The Ulster County Fairgrounds are so positioned in relation to the Village of New Paltz – down and to the left, keeping tempo with the north-flowing Wallkill – that it seems as though a spirited rebellion is encroaching from the south and sociopolitical chaos is imminent when things are popping there and the fair is in full swing. The sky flashes in a sulphurous arrhythmia. A mashup of screams, blasts, grinding machines, summer thunder, and jingoist country rock sweeps around the bowl formed by the Shawangunk Ridge, the Catskills, and Illinois Mountain. In the imagination, it won’t be long now until our little village, wild in its own hedonistic way but relatively stable through the years, will be overrun by some mad grassroots skirmish making its way up from, I don’t know, Pine Bush.
And isn’t the Ulster County Fair a sporting kind of war, a ritualized affirmation of gas sports and the blue-state reach of country music situated ironically, perversely, in the progressive capital of the county? You’d think we snowflakes, sheeple and ineffectual PC chumps would steer as entirely clear of it as of any old Gun, Truck, and Jerky show. But we don’t. We flock to it. It’s our fair, too
Same can even be said of the wonderfully refined, season- ending Dutchess County Fair in Rhinebeck, where the meats are grass-fed and the dunking-booth clown issues barbs as witty as those of Rabelais (to whom he actually may be related), but the rides are every bit as concerning and the booth games every bit as rigged.
County fairs ritualistically and temporarily transcend and heal the chasm between the two Americas, reminding us not only of our actual, functional commonality and our necessary interdependence, our business, as represented by livestock, produce, county offices, and the parts of the lizard brain stimulated by explosions and speed, but more importantly also through the use of a simple but powerful myth: the past.
Midways, those cheap pop-up cities of the night (by daylight mere propped corridors of trampled rubbish, gas spill and wood rot) would lose every last volt of magic were they ever to employ a single instance of technology more modern than the very late Victorian. For therein lies much of their spell: fake cities designed to fool our great-grandparents, not us, patched and re-patched (absolute frugality serving, as it often does, the higher purpose of historical continuity), and, we pray, routinely and scrupulously inspected by local certifying bodies where such bodies still exist and still own the requisite knowledge, but still run by roustabouts, rounders, and off-grid road dogs, effectively unchanged since the days, in the late 1920s, when my father’s uncle Stanley left his house and family while my father played in his yard.
My father said, “Where are you going, Uncle Stanley?” and Stanley said, “To the store.” My father asked, as he often did, “Can I go with you?” Stanley said, “Not this time, Jack.” No one saw Uncle Stanley again for years and years, until some people thought they recognized him, weathered and vacant, passing through town with the carnival.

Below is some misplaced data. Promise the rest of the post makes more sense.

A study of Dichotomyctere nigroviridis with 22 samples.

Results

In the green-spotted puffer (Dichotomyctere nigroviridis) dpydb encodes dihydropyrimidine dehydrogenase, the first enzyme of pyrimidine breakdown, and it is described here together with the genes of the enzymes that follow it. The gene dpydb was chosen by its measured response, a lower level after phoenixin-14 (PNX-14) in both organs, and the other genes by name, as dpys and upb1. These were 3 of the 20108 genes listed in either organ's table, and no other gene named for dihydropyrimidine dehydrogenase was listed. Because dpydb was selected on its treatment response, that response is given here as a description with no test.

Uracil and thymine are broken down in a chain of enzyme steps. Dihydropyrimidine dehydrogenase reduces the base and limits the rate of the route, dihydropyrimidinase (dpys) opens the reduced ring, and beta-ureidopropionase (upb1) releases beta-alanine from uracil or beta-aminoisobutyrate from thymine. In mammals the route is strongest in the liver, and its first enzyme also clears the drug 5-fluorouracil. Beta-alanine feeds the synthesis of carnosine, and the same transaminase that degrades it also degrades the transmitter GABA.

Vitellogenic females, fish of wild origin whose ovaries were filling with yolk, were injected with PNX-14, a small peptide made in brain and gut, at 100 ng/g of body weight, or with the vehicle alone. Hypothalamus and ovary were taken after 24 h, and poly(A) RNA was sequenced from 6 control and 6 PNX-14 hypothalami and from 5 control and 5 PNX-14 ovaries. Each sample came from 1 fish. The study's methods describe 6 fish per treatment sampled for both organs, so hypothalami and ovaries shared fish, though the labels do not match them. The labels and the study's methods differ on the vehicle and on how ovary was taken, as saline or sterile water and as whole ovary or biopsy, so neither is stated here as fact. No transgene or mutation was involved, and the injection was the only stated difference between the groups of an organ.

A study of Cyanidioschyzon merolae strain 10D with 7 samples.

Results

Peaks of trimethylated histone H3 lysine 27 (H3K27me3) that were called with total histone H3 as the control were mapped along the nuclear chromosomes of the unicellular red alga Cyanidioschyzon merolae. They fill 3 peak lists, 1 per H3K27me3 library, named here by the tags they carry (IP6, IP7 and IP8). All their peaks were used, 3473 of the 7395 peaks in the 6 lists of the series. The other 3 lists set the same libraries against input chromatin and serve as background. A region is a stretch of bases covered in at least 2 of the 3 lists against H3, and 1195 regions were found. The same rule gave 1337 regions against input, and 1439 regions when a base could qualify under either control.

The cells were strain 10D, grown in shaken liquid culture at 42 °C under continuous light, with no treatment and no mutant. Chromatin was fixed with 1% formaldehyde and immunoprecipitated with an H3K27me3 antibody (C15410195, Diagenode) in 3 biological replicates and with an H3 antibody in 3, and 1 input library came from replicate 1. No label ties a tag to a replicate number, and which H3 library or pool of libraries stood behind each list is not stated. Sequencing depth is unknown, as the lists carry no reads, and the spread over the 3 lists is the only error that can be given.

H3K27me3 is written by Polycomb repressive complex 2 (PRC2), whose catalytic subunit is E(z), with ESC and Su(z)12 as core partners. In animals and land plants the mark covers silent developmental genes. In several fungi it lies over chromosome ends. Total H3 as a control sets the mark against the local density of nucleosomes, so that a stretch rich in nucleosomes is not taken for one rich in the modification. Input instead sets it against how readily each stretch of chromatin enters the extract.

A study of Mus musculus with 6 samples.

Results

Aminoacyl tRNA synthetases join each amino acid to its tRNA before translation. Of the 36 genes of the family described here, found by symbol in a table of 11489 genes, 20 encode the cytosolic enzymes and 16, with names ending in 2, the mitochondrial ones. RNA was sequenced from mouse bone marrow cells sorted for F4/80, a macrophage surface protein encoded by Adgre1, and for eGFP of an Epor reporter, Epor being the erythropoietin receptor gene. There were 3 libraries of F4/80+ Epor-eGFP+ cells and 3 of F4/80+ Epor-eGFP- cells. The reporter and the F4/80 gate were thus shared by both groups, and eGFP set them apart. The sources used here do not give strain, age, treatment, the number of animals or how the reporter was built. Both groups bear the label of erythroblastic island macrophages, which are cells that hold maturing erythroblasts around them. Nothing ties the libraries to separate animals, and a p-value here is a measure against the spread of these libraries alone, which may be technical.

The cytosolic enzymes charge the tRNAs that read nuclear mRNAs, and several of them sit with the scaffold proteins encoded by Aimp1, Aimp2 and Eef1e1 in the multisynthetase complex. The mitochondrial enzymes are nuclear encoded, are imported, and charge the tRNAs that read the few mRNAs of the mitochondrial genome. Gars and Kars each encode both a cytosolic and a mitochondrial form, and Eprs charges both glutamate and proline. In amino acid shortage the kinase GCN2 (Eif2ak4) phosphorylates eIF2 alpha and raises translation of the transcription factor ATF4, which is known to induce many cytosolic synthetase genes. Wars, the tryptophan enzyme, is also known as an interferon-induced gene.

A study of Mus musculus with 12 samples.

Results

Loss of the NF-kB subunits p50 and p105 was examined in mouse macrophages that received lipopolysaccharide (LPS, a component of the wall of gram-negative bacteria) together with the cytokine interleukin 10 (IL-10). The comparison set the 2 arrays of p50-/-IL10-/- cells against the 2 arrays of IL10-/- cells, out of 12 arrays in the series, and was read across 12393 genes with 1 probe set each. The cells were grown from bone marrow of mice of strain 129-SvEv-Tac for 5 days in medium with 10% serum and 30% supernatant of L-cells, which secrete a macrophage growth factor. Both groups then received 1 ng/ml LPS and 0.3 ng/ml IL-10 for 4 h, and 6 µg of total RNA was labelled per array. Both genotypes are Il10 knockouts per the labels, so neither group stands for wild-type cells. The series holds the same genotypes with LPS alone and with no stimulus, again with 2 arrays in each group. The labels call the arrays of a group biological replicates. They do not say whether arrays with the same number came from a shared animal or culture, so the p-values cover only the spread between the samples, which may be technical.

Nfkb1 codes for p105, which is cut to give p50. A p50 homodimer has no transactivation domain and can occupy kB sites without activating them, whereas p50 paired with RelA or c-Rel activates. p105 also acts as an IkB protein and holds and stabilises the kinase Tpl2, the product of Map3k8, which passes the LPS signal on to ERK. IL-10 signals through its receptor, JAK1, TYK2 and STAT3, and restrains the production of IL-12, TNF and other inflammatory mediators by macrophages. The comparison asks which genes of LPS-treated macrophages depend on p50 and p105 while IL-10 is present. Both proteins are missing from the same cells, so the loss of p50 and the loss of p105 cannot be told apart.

And so it is about me now, my past, but what’s not? This is my fair, always falling on my August 3 birthday, and redolent with memories of each phase of my life, but especially of the teenage years, dropped off here to wander aimlessly on my own — my virtuosity — while pining for some girl whom I just assumed did not pine reciprocally, my other virtuosity.
What I wanted was a fair that winded on forever, an actual nightmare city to go get lost in, never to return to my life of inhibition and disappointment, joining Uncle Stanley in a terrifying vision of freedom.
The rides, the games, the music, the stunt shows, the animals, the educational outreach, and the presence of law enforcement burning some confiscated marijuana. My college professor father, Jack, responded, “Oh, that’s what that is!” The mysterious magic of the fair lies not in the parts but the gestalt.
“A real country fair,” a local TV ad once declared, the emphasis a seeming dig at the high-fiber, old-money affair across the river. But as we have established, in the world of county fairs, real means fake. Real means dream. My county’s fair only ever disappointed me in that its city of night did not extend in all directions, unfolding in never-ending variety and surprise, through danger, through distortion, through dream.
In retrospect, that was a lot to ask. It is a good old fair.
Mere months after being pressed into service as a military-run mass-vaccination site (and an efficient and friendly one at that!), the Ulster County Fairground reverts to its nominal purpose this summer, from August 3 through August 8, to the delight of many.
There will be racing pigs, chainsaw carving, a stilt walker, fireworks on Wednesday, circus performers, and a number of other artifacts of a shared past that may or may not have actually happened. There will be music by Sass and Brass with Daryl McGill, Neal McCoy, Emily Ann Roberts, The Son Brothers, Roots & Boots Tour, and Exile. All concerts are included in the price of admission to the fair. The popular carload night is Tuesday, August 3. For a complete schedule of attractions, visit ulstercountyfair.com.